Hollywood Forever is a cemetery unlike any other in the world. One of the world’s most fascinating landmarks, Hollywood Forever Cemetery is the final resting place to more of Hollywood’s founders and stars than anywhere else on earth.
Holy Cross Cemetery is a Roman Catholic cemetery at 5835 West Slauson Avenue in Culver City, California, operated by the Roman Catholic Archdiocese of Los Angeles.
Opened in 1939, Holy Cross comprises 200 acres (81 ha). It contains — amongst others — the graves and tombs of show business professionals. Most celebrities are in the section "The Grotto" in the southwest part of the cemetery; after entering the main gate, turn left and follow the leftmost road up the hill.
Memorial Park Cemetery was established in 1926. It was designed to look like an urban park and graves are marked with small monuments at the ground level rather than larger, more obtrusive monuments in order to emphasize the open landscape.
The Santa Barbara Cemetery came into being on July 10, 1867. The men who signed the incorporation document were Charles Enoch Huse, Roswell Forbush, Reverend Joseph A. Johnson, Reverend Thomas R. Williams, N.C. Adams, Nelson W. Winton, and S.T. Maxfield. The document was signed at N.C. Adams's hotel.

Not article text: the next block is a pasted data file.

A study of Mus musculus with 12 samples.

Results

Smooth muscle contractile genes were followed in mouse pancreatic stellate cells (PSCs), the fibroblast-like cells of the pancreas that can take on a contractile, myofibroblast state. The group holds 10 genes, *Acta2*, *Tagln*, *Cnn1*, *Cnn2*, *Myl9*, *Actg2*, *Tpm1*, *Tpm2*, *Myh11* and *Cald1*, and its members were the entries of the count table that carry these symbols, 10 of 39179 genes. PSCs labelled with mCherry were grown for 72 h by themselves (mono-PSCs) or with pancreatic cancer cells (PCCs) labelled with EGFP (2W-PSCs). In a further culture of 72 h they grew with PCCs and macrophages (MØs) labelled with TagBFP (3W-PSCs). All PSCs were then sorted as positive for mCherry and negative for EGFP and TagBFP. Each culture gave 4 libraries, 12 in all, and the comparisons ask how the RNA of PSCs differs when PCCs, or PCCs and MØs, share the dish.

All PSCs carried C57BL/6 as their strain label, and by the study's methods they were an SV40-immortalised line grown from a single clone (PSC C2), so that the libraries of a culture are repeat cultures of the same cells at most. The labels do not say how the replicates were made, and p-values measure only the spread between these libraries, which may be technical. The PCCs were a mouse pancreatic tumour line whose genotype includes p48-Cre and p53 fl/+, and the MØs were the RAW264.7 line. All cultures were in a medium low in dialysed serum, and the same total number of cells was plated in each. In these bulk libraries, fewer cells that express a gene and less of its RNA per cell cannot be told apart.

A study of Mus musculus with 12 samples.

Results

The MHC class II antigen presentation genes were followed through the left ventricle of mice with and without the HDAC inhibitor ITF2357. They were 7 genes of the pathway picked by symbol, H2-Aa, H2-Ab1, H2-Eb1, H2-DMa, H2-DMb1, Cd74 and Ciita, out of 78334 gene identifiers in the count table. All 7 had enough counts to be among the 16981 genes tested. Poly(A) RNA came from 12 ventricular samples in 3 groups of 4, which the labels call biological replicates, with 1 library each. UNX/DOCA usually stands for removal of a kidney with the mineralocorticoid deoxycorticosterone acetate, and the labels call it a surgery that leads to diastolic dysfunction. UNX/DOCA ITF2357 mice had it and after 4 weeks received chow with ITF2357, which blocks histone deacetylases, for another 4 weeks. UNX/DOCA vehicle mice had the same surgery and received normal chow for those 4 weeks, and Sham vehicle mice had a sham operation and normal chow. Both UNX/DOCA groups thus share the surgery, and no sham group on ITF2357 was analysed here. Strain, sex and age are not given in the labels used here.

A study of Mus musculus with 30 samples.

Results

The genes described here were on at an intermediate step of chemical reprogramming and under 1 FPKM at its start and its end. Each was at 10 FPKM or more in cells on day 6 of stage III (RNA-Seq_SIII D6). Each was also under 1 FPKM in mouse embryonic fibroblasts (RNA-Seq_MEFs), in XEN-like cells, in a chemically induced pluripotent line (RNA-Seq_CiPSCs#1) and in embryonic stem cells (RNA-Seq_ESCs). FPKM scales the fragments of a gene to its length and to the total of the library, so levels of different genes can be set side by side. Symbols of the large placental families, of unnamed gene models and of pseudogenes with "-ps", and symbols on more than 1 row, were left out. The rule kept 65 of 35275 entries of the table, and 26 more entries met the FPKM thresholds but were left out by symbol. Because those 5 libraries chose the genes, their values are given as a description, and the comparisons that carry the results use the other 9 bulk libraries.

Conceptually, the newly formed board appears to have been following the New Haven Burial Ground model. They formed as a nonsectarian, nonprofit association, with lot ownership the only requirement for membership in the association. The association was eventually to be governed by a board elected by the lot-holders. The Santa Barbara Cemetery would begin as a town cemetery, fulfilling a direct community need, proceeding with neither aesthetic considerations, a profit motive, nor much attention to longevity.